Tom Dougherty, CEO – Stealing Share
28 March 2019
What makes TikTok any different than the rest?
I guess there are just things about social media I don’t get. I’m not on Instagram. Ditching Facebook wasn’t difficult. And now TikTok emerges as the latest big new thing, and I don’t see how it will last.
If you’re not aware, TikTok is very similar to Vine. Remember Vine? A few years after Twitter purchases it, Vine closes shop. What makes TikTok different?
Let me explain. Like Vine (which, to be honest, I actually enjoyed), users share short videos of themselves in often casual moments. Which was also the value of Vine. With TokTok, users can feature music in the background, change speeds or edit with a filter.
What does that sound like? Yes, it sounds exactly like Instagram and Snapchat, otherwise known as the Vine killers.
Yet, revenue for TikTok has tripled in the past year and the app was downloaded more than Facebook, Snapchat, Instagram and YouTube last October.
“Frankly, I don’t see how it continues its current success. Instagram and Snapchat already crowd this market so I’m imagining TikTok simply represents new.”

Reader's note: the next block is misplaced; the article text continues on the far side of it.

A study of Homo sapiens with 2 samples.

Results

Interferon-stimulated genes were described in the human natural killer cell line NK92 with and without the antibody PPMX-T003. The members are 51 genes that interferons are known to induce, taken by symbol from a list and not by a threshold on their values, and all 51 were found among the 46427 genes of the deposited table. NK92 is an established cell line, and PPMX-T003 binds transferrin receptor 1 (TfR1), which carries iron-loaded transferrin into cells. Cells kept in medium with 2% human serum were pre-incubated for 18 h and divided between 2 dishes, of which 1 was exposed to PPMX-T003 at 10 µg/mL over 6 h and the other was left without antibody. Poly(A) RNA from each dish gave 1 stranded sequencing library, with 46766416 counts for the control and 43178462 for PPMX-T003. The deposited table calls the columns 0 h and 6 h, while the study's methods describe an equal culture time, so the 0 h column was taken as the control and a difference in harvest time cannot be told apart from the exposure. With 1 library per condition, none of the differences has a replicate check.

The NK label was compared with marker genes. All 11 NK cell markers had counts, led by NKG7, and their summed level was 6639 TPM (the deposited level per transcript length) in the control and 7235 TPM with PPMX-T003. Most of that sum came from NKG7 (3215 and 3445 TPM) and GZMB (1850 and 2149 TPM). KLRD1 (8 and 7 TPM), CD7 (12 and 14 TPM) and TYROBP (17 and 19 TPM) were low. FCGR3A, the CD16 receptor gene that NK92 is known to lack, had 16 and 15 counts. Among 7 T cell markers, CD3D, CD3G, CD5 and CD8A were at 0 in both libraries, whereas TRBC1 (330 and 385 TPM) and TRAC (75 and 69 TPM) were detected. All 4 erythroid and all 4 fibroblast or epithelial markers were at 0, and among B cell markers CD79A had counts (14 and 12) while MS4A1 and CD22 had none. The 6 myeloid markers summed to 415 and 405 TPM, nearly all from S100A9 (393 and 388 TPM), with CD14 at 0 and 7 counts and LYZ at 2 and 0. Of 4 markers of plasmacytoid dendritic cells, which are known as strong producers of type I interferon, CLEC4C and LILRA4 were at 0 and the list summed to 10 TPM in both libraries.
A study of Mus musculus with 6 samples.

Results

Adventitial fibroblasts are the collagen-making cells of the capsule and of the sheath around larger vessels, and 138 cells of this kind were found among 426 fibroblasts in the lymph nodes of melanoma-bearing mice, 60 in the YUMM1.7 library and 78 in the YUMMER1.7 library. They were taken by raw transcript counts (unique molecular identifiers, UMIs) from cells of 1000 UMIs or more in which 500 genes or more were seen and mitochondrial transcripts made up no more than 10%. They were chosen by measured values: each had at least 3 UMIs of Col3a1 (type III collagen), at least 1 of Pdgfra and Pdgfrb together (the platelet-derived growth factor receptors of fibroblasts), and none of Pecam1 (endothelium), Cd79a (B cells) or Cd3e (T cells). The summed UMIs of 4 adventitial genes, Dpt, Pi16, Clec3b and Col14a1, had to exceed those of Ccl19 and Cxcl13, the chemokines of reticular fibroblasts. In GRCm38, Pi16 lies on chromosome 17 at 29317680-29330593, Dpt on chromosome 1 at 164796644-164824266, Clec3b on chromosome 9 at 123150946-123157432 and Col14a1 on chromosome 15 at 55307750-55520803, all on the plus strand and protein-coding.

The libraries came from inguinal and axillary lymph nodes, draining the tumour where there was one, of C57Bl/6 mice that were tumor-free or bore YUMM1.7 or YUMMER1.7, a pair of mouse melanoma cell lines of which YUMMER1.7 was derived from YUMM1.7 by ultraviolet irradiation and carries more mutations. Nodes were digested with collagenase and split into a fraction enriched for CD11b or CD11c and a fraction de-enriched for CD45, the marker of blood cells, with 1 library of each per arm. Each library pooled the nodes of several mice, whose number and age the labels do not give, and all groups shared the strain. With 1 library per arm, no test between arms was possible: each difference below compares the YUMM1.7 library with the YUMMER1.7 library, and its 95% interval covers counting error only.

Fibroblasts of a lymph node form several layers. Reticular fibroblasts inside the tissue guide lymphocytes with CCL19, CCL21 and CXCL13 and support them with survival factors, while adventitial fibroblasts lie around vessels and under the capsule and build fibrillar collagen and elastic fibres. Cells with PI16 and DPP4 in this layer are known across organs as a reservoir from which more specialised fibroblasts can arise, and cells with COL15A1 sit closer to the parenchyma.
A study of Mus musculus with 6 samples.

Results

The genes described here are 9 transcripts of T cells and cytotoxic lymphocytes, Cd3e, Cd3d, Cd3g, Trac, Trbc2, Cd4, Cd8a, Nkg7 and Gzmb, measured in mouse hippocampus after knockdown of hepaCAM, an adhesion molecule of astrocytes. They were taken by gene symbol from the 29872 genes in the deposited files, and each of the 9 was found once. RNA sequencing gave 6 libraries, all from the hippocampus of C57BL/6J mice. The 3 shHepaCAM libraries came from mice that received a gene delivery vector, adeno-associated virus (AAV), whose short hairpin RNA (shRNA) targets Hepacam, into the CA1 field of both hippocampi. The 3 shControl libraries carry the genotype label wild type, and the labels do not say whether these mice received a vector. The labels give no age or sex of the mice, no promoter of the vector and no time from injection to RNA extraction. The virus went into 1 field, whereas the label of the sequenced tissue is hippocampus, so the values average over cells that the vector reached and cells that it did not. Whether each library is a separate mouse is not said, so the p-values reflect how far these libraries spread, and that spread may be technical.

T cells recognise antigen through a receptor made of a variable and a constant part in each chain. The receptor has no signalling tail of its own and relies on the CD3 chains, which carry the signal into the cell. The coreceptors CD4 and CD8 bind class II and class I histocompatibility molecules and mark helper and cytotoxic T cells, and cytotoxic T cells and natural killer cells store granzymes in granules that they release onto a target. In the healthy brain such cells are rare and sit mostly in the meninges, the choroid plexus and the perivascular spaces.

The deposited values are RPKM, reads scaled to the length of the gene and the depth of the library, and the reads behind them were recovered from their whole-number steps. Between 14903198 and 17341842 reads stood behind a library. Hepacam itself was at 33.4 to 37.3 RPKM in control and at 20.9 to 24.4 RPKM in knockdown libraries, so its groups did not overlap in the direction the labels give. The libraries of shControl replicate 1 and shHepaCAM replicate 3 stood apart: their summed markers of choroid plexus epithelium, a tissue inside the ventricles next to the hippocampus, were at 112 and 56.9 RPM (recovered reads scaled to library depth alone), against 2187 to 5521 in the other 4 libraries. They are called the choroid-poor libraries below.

TikTok only represents new
What gives? Not that it matters, but TikTok is owned and operated by a Chinese company. And that really doesn’t seem to matter because it already claims 80 million downloads in the US.
Frankly, I don’t see how it continues its current success. Instagram and Snapchat already crowd this market so I’m imagining TikTok simply represents new.
The problem with representing new is that value eventually becomes less important without another value to reward users. New fades quickly. At the moment, TikTok simply positions itself as “Real Short Videos.” Which is just a thing, not a value. Let alone an emotional one.
Forget Vine. Remember Peach? Ello? Hell, remember hearing about Vero? Just a few months ago it was the hot new app, setting itself up as an alternative to Facebook and Instagram. Its bloom is fading as we speak. Social media apps come and go like the pollen on those blooms. And the only those offering a compelling brand argument remain.
That’s true of any category, not just social media. So even though TikTok is enjoying success now, I wouldn’t be surprised to hear of its appeal waning in the coming months.
It’s the nature of this social media game.